Retirement-Sign.jpg

This blog post was authored by James Oldendorph.

In a case handled by LCW attorneys, Steve Berliner, Frances Rogers and Stefanie Vaudreuil, a California Court of Appeal affirmed a judgment by the Los Angeles County Superior Court that the City of South Pasadena did not impair constitutionally-protected vested rights when it modified City contributions to retiree medical insurance for existing employees once the memoranda of understanding between the City and its labor associations expired.

Since 1972, the City provided medical insurance for active and retired employees pursuant to the Public Employees’ Medical and Hospital Care Act (PEMHCA), also known as “CalPERS Medical.”   Prior to 2000, the MOUs for City employees were silent as to City contributions to retiree medical insurance. From 2000 to 2008, MOUs for two of the City’s labor associations stated that the City shall “continue to pay” 100 percent of the medical premium for retirees. All three of the City’s labor associations entered into MOUs effective July 1, 2008 to June 30, 2011 which stated that for employees hired prior to adoption of the MOUs, the “City shall pay 100% of the premium for all retired employees.”  Employees hired after the MOU adoption would receive the same benefit after seven years of continuous City service.  When the associations and the City failed to agree on new MOUs in 2011, the City passed resolutions wherein the City would pay 100 percent of the medical insurance premium for employees who became retired annuitants prior to July 1, 2012.  All employees who retired on or after July 1, 2012 would receive a City retiree medical contribution in compliance with Government Code section 22892, that is, what the City contributed for active employees it would contribute for retired employees.

The associations alleged that fully paid retiree health insurance was a vested benefit protected by the Contracts Clause of the United States and California Constitutions.  The City did not dispute that the MOUs are enforceable contracts during the term of those MOUs. However, the City argued that once the MOUs expired, so did any expectation of retiree medical benefits for employees who had not retired during the term of the MOUs.   In an unpublished opinion, the Court of Appeal agreed, affirming a superior court judgment in favor of the City.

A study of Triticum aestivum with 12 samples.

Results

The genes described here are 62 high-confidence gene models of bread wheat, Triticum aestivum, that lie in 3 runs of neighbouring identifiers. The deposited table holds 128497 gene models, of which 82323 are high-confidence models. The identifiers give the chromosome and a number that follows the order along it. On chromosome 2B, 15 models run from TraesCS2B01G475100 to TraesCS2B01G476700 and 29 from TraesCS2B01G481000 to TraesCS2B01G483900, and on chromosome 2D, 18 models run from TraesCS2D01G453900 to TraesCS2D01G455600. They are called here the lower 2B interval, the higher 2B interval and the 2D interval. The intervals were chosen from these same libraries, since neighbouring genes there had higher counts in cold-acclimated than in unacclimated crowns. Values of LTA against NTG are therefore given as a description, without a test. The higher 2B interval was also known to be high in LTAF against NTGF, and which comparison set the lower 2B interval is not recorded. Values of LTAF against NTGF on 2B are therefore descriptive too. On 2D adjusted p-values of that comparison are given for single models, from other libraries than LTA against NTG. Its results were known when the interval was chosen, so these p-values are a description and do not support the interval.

“[C]ontractual obligations will cease, in the ordinary course, upon termination of the bargaining agreement.” (Litton Financial Printing Div. v. NLRB (1991) 501 U.S. 190, 207; International Brotherhood of Electrical Workers, Local 1245 v. City of Redding (2012) 210 Cal.App.4th 1114, 1119.)  When a contract is silent as to the duration of retiree benefits, a court may not infer that the parties intended those benefits to vest for life. (M&G Polymers USA, LLC v. Tackett (2015) 190 L.Ed.2d 809, 820.) An employer’s agreement to vest benefits in perpetuity cannot be presumed: there must be clear and express language in the contract, or convincing extrinsic evidence of an implied term, that benefits will continue after the agreement’s expiration.  (Retired Employees Association of Orange County v. County of Orange (2011) 52 Cal.4th 1171, 1191.)

The Court held that the MOUs did not contain clear and express language that the City’s level of contribution to retiree medical would remain the same after MOUs expired for employees who had not retired during the term of the MOU.  The Court further found a lack of convincing extrinsic evidence that the City’s contribution level was impliedly vested.  The fact that the City had provided 100% fully paid retiree health for many years did not alone create a vested benefit.  Further, no City administrator was shown to have promised employees fully paid retiree benefits forever. No job flyers, postings or handbooks were presented in evidence guaranteeing the benefits in perpetuity. In fact, the evidence showed that the parties treated the City’s contribution to be a negotiable subject with each MOU.  Finally, the Court held that public employee benefits may be modified or reduced under statutory authority. As a participant in PEMHCA, the City could fix the amount of its contribution to health care premiums by resolution, so long as it met the minimum set by statute.

The Court’s decision was a victory for the City and a reminder to all public agencies to take care in the drafting of contract language, employee handbooks, job flyers and the like to prevent an unintentional creation of vested benefits. Employers should always seek legal counsel before modifying retiree benefits whether by agreement with a labor organization, or by unilateral action.

South Pasadena Police Officers Assn., et. al. v. City of South Pasadena (2015) 2015 WL 1094691 [unpublished].

This is an unpublished decision of the Court of Appeal and is therefore not binding precedent on any court.  A request for publication was denied by the Court of Appeal.